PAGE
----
Traeger manufactures advanced grills and barbecues for cooking. The appliances can be used for grilling, smoking and barbecue. The appliance uses pellets fed by an auger and feature automatic start, electronic temperature control and even-heating with convection airflow. Problems with Traeger grills include the grill not igniting, pellets not getting into the fire pit, noise with dropping temperatures and a dulling finish on the paint. Issues with Traeger barbecues can be troubleshot.
Clear out the ash from in and around the fire pot if the grill won't ignite. The ash is choking the fire. Open the lid, take out the cooking grill, drip pan and fire pot cover and clean out the whole area with a brush. Use a shop vacuum only if the grill is cold. Start the grill on the "Smoke" setting. Clean out the ash if the grill goes out on the "Smoke" setting.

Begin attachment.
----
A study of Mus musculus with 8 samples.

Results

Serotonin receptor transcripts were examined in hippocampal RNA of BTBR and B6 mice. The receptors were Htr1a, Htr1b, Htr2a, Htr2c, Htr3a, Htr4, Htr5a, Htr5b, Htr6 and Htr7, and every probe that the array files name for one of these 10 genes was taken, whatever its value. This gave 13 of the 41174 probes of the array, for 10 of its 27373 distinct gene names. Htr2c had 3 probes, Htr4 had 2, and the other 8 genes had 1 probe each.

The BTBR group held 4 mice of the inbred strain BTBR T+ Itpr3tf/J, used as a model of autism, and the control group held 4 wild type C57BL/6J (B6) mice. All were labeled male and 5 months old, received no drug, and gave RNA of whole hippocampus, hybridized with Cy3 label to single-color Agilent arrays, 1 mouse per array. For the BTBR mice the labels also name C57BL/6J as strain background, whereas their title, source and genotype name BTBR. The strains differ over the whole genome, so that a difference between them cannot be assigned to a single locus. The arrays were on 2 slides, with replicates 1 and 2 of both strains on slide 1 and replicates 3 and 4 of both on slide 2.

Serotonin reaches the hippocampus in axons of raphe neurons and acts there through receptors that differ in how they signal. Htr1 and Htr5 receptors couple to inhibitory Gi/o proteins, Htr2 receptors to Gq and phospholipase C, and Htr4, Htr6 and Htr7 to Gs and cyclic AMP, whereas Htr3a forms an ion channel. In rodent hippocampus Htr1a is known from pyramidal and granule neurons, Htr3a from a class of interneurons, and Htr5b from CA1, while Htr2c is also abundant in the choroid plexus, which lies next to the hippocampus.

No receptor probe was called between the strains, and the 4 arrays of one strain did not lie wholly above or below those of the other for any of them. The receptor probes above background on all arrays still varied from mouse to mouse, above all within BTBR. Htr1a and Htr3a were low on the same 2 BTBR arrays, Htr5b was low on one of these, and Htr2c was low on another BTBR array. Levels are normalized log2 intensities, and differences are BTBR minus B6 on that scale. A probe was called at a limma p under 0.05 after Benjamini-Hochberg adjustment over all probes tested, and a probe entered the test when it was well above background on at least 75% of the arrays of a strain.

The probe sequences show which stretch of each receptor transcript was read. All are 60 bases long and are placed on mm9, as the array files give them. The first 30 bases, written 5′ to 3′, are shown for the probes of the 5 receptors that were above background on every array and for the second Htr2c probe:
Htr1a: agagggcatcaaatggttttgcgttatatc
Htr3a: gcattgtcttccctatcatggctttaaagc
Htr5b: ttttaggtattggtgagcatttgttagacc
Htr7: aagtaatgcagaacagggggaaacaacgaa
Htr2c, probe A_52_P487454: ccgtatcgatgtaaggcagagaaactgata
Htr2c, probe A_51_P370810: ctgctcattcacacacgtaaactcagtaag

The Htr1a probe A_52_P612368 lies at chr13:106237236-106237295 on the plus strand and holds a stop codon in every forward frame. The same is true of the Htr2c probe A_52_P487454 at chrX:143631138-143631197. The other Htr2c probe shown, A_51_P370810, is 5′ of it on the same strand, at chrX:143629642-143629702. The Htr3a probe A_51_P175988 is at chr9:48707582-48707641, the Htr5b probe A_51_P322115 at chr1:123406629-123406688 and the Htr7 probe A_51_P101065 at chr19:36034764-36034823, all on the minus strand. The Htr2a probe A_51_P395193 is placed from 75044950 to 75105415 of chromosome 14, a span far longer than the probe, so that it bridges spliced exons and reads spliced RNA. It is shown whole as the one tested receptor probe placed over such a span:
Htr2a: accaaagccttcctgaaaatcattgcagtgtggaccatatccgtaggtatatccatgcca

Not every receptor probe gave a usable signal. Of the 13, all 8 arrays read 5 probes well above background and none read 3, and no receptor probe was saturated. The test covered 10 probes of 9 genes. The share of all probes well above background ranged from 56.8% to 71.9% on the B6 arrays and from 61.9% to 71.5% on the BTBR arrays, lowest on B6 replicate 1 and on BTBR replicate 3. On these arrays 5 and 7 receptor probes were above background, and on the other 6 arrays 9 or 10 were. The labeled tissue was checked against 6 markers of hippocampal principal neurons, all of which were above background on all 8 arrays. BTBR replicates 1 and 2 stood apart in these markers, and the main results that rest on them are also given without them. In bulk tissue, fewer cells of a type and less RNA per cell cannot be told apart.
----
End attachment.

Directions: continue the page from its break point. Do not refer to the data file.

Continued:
Allow seven minutes for the pellets to get from the pellet hopper through the auger tube to the fire pot if the Traeger grill is new and no pellets appear to be getting to the firepot.
Check that the auger isn't binding if the auger makes a noise and or the temperature keeps dropping. Run the grill out of pellets and remove the allen screw and nut between the auger and the motor shaft. Spin the auger shaft over the motor shaft--it should spin freely without binding. If the auger binds, loosen the bolts on the motor bracket and move the motor bracket until you can rotate the auger shaft. Re-tighten the bolts and re-attach the allen screw and nut.
Wax the entire outside of the grill if you start to see dulling paint. Wait until the Traeger grill is completely cold before waxing it. Covers can also help protect against weather, dust and scratches.